Study disputes effectiveness of govt’s optical fibre project
A survey by DEF has found that only 67% of the panchayats were connected to the fibre-optic backbone in the pilot phase of the NOFN project
The survey by Digital Empowerment Foundation (DEF) found that only 67% of the panchayats were connected to the fibre-optic backbone in the pilot phase of the National Optical Fibre Network (NOFN) project, while the rest had no means to access the services that the NOFN network can potentially enable.
In addition, even in the villages that were connected to the network, the average broadband speed was found to be 50Mbps, half of what the government has promised, the survey found.
The Rs.20,000 crore NOFN project aims to connect 250,000 gram panchayats with high-capacity optical fibre cable, laying the required infrastructure to provide citizen’s access to government services, including banking and providing land records, birth and death certificates to citizens.
The project is being implemented by Bharat Broadband Network Ltd (BBNL), a special purpose company set up by the government to build and manage the network.
Some analysts say a project of this scale is bound to face initial hiccups.
“Considering the geographical spread of the country, there are going to be hiccups on the way. We believe that this project would have very positive ripple effects on the rural economy. There are credible studies which show that there is a direct correlation between broadband connectivity and GDP growth,” said Hemant Joshi, a partner at Deloitte Haskins & Sells. “Broadband would result in bringing best in class of healthcare, education and banking reaching rural masses which would help in elevating poverty and improving standard of livings in the rural India.”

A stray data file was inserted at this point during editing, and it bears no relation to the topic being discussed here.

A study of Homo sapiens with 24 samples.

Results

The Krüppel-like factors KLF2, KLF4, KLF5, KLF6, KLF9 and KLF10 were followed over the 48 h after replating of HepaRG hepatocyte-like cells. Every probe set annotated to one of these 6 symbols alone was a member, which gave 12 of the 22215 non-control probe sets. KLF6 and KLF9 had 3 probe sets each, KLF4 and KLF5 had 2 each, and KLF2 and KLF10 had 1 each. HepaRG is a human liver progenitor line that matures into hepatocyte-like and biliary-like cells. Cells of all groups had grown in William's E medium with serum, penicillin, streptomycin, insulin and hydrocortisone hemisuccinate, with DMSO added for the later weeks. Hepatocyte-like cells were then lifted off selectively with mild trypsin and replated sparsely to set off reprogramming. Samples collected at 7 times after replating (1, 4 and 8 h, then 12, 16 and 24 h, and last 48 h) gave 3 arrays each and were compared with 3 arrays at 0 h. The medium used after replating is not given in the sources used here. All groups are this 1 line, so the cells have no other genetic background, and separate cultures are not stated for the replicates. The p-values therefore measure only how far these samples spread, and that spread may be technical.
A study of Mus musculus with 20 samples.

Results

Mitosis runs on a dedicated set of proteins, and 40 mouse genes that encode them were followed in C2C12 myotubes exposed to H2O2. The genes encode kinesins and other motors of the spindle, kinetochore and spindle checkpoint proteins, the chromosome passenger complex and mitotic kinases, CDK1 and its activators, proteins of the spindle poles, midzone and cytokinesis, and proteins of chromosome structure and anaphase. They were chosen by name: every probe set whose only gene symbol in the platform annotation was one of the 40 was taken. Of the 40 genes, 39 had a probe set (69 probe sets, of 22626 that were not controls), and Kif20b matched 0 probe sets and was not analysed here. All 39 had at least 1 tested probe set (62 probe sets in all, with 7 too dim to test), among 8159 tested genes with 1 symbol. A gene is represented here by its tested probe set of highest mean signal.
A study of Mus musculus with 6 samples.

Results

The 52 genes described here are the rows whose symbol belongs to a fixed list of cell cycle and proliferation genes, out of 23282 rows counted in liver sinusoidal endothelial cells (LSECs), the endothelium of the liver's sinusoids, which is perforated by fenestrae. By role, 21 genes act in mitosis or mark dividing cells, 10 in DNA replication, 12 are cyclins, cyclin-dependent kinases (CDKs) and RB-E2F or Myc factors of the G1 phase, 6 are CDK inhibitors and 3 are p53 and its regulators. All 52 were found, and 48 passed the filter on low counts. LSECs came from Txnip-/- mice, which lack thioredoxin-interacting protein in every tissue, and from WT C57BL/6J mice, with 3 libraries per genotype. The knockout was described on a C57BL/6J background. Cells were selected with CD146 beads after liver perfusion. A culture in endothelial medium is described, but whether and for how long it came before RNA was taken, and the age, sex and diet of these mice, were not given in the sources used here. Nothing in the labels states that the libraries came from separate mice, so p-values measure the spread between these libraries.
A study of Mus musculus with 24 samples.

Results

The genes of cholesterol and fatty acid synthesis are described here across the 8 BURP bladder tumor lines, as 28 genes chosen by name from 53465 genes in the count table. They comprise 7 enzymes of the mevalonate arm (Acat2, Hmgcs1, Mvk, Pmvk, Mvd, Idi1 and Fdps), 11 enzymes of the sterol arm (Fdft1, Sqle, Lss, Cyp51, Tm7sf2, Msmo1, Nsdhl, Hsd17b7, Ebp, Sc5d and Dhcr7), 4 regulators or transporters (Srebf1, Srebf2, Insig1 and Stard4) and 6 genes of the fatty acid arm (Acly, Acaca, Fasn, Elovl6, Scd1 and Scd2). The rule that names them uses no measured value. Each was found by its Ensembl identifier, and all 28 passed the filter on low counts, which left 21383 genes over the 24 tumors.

NOFN was initially scheduled to be rolled out in a phased manner beginning December 2012, with the pilot project scheduled for completion by October 2012. As these targets were missed, the new government initially declared December 2017 as the completion target, but later advanced this by a year. As of October 2012, 59 gram panchayats included in the pilot project have been provided with 100Mbps bandwidth, according to the department of telecommunications (DoT) 2013-2014 annual report.
Funded by the Universal Service Obligation Fund (USOF), NOFN is targeted to be completed by December 2016. The USOF is a fund created for the provision of communications services in areas of the country where it is economically unviable to build telecom infrastructure.
“The completion of the NOFN project is just not only laying the fibre cable,” said Osama Manzar, co-author of the report and founder-director of DEF, which works in the area of the digital divide. “It has to function seamlessly.” The implementation of the project should be monitored extremely meticulously, Manzar said.
BBNL refuted the claims of the survey.
“There is no question of any uneven distribution among Gram Panchayats. In the three Pilots at Arain, Parvada, and Panisagar Blocks, all the Gram Panchayats in respective Blocks have been connected with NOFN bandwidth of 100Mbps,” Anil Kumar Gupta, senior general manager (operation) of BBNL, said in an emailed response to queries.
Last week, the government declared Idukki district, with eight block offices and 52 gram panchayats, as the first district in the country to be connected by the NOFN. Kerala is expected to be the first state to be completely connected by March this year.
Mint has a strategic partnership with Digital Empowerment Foundation.